In December, the Trinity Pawling School received four very special coins through the generosity of the Ancient Coin Collectors' Guild (ACCG) in recognition of the school's participation in the Ancient Coins for Education (ACE) program. The four coins were a bronze coin of Alexander the Great (ruled 336 - 323 BCE), a serrated bronze Seleukid Kingdom coin of King Alexander II Zebina  (ruled 128 - 123 BCE), a silver Denarius of Roman Emperor Septimius Severus ( ruled 193 - 211 CE),  and large bronze coin of Byzantine Emperor Maurice Tiberius ( ruled 582-602 CE). These four were donated to the school by the ACCG in addition to 25 early 4th century Roman bronze coins. All are currently on display in the school's library.

 


     On hand for the presentation by Scott Uhrick, a resident of Danbury, who is a Director of ACE and a member of ACCG, were Trinity Pawling's Assistant Headmaster, David Coratti, the Dean of Faculty, Maria Reade, both residents of the Pawling school; Latin teacher, Anne Pearson of Brewster, and the seven members of TP's Latin III class: senior "Bryce", junior Philipp of Gottingen, Germany, and sophomores John, Ethan, Nick, Brian and Anthony.    The Latin III class is the first group at Trinity Pawling to participate in ACE.

 


    The aim of ACE is to stimulate interest in the ancient world by "putting history in the hands of students". For a nominal fee (costs are sometimes subsidized by coin collecting groups), schools are given a CD with a wealth of information about coins in general as well as teaching materials (all of which are also accessible on-line), a special contact who acts as a Mentor and enough coins - mostly dating from around the early 4th century CE -- for each participating student to have his or her own to study.   After learning about the history of coins and coin-making, students are led through steps enabling them to identify the emperor and any special circumstances there might be under which their coins were minted. At the end of the program, the coins belong to the students.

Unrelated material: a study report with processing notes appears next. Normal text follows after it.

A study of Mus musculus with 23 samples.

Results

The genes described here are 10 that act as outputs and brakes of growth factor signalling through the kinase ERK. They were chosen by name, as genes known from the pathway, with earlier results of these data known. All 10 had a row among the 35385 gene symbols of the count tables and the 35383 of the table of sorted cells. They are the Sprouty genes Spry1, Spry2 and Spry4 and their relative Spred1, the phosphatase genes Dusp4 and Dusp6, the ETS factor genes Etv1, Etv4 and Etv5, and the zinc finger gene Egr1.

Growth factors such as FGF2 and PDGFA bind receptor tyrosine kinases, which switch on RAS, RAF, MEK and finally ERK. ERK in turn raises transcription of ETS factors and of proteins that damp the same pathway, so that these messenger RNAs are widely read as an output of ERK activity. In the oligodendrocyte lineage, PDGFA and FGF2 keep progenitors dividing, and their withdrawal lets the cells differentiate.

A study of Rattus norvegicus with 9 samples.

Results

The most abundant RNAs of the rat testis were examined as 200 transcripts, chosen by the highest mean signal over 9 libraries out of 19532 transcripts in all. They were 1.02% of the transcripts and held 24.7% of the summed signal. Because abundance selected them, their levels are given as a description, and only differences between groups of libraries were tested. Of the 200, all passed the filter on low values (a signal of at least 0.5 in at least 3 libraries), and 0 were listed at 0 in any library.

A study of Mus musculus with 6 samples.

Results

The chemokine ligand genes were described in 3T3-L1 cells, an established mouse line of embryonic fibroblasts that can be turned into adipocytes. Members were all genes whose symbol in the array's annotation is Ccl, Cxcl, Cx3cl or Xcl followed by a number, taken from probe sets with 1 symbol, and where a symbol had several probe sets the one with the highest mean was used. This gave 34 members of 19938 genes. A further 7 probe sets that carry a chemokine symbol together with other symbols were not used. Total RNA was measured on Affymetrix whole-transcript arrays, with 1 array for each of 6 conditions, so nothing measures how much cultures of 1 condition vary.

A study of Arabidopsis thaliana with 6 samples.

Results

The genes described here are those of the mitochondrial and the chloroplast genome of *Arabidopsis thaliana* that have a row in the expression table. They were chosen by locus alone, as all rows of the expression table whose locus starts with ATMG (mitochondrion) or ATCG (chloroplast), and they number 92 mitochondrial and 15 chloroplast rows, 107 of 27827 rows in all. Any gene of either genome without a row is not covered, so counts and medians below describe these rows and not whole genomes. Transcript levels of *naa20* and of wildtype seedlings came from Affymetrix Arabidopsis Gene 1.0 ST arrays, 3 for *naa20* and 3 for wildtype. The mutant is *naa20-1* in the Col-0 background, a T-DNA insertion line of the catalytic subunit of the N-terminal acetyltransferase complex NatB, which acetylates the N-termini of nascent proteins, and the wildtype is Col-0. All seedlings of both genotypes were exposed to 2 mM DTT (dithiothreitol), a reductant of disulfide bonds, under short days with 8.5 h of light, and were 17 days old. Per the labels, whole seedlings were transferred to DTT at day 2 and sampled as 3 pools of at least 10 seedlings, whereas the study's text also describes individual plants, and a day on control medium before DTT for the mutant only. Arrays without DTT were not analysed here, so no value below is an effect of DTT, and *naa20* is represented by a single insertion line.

In addition, throughout the year, ACE runs contests of various types in which students can win other coins. Trinity Pawling's John B. was awarded the Fall 06 Budding Numismatist Award and Emperor Valens bronze coin early in the year for his interest and enthusiasm in the program, and both he and Bryce G. won prizes in the Fall Mythology Contest:   in first place, John won a bronze coin of Augustus, the first Roman Emperor, and as runner-up, Bryce won a Crispus, son of Constantine the Great, bronze coin.